Hokianga residents upset about the water quality in their harbour have used a Waitangi Day protest to draw national attention to the issue.
Led by Green Party candidate Godfrey Rudolph, who has whakapapa to the Hokianga, the marchers chanted "Hokianga no paru!" (pollution) and carried placards with slogans such as "Keep kaka out of our moana".
The march followed the traditional hīkoi route from Te Tii Marae up Tau Henare Drive to the Treaty Grounds' top entrance, circled the flagpole – prompting grumbles from a few people who had come to watch the Navy band perform – and ended at Te Whare Rūnanga, the carved meeting house.
Most of the 100 or so marchers had travelled from the Hokianga to take part. They were joined by half a dozen Green MPs, including Marama Davidson, who also has roots in the Hokianga and was the main speaker.
Jessie McVeagh, of the environmental group Te Mauri o Te Wai, said the aim was to draw national attention to the state of the harbour.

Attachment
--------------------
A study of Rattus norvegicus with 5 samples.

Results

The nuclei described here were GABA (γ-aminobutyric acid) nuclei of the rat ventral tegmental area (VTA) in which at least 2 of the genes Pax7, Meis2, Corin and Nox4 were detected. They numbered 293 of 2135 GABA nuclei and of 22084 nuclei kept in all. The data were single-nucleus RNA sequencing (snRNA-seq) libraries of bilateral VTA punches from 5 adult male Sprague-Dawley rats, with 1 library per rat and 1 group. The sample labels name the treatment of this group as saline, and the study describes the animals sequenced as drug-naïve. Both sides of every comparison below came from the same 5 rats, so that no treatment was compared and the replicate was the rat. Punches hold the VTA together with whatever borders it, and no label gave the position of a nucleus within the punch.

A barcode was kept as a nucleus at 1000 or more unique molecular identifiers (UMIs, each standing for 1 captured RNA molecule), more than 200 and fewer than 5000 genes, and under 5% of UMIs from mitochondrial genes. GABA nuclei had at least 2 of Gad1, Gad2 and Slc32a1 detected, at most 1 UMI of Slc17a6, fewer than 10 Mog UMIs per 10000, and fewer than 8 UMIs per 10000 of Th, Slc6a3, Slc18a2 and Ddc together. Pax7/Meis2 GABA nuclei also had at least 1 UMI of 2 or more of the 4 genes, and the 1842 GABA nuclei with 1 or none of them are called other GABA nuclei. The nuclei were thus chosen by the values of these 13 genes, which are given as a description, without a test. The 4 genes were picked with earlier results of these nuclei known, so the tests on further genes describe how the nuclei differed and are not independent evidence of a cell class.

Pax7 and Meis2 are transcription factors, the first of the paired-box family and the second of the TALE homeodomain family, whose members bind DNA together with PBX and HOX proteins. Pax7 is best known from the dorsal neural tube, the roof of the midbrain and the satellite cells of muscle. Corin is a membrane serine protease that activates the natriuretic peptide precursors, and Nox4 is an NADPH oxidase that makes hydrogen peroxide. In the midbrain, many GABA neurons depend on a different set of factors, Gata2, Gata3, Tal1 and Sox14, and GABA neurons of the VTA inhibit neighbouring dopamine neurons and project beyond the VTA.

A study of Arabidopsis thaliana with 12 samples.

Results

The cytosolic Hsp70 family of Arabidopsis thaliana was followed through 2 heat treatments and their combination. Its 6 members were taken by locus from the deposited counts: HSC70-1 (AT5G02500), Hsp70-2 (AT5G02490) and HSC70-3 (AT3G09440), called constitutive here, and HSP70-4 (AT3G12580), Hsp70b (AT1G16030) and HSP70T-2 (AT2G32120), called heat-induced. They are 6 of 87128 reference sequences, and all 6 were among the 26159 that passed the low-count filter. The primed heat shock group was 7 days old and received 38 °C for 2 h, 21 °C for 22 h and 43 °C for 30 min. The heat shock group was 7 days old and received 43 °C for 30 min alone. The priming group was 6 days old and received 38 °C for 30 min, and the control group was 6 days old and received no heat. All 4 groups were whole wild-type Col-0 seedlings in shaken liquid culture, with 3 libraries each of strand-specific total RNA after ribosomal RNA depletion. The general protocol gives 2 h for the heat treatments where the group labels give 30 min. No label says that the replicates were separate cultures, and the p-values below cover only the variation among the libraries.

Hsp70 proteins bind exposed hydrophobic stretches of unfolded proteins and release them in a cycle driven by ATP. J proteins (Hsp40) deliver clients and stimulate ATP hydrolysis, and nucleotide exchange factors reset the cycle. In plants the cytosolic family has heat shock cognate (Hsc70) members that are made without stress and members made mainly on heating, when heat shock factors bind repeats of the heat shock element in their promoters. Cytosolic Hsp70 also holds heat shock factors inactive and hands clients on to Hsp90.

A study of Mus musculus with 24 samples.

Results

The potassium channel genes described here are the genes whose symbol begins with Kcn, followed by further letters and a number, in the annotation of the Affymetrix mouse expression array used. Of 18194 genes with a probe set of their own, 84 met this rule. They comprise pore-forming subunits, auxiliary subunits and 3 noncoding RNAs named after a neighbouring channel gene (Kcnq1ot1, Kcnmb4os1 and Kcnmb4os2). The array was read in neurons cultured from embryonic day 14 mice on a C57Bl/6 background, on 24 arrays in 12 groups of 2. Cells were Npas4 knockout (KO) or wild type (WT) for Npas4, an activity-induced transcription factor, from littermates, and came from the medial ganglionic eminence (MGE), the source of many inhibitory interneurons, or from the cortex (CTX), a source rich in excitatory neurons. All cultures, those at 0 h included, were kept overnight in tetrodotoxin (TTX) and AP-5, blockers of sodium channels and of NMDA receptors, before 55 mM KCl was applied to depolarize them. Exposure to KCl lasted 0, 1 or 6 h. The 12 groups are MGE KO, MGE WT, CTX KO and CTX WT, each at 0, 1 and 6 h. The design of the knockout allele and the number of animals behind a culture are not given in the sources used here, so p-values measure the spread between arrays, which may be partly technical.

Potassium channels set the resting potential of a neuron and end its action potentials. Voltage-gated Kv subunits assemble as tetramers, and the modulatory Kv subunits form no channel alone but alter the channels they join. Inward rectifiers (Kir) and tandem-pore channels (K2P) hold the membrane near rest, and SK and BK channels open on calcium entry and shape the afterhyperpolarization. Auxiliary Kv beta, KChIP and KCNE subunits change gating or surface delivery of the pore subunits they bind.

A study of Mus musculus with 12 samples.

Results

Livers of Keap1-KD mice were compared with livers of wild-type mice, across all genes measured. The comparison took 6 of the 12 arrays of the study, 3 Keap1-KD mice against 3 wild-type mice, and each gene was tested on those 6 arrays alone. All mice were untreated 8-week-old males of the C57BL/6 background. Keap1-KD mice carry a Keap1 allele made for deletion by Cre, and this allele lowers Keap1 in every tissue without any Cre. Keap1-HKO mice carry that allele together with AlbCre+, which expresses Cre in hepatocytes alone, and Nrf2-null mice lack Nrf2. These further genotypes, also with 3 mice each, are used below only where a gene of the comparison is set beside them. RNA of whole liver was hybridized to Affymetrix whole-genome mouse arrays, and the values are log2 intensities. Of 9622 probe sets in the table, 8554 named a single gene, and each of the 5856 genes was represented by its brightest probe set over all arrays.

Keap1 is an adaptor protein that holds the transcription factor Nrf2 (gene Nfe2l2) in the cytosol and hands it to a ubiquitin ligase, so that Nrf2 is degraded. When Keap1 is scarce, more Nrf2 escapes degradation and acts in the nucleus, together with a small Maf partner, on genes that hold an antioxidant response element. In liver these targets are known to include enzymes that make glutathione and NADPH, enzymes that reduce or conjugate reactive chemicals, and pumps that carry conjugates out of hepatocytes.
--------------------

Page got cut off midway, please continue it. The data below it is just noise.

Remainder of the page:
"Our harbour is being polluted from lots of sources, but also from human waste. We've come to Waitangi because it is a Treaty issue – under Article 2 all the treasures, the taonga, were to be honoured. Water is one of those things and getting kai moana without the offence of human waste is another."
McVeagh said she was also petitioning central government to provide more financial support to small communities that couldn't afford proper wastewater systems on their own.
Dallas Williams, who represents the hapū of Omanaia, said effluent in the harbour – even if it had been treated – was not okay or culturally acceptable.
Sewage was not the only cause of pollution but it was the current focus for the practical reason that a number of resource consents, starting with the Opononi-Omapere wastewater plant, were coming up for renewal soon.
The Far North District Council says it's not correct to say it's doing nothing about the sewage issues, and plenty of work is being carried out on the four treatment plants discharging into the harbour.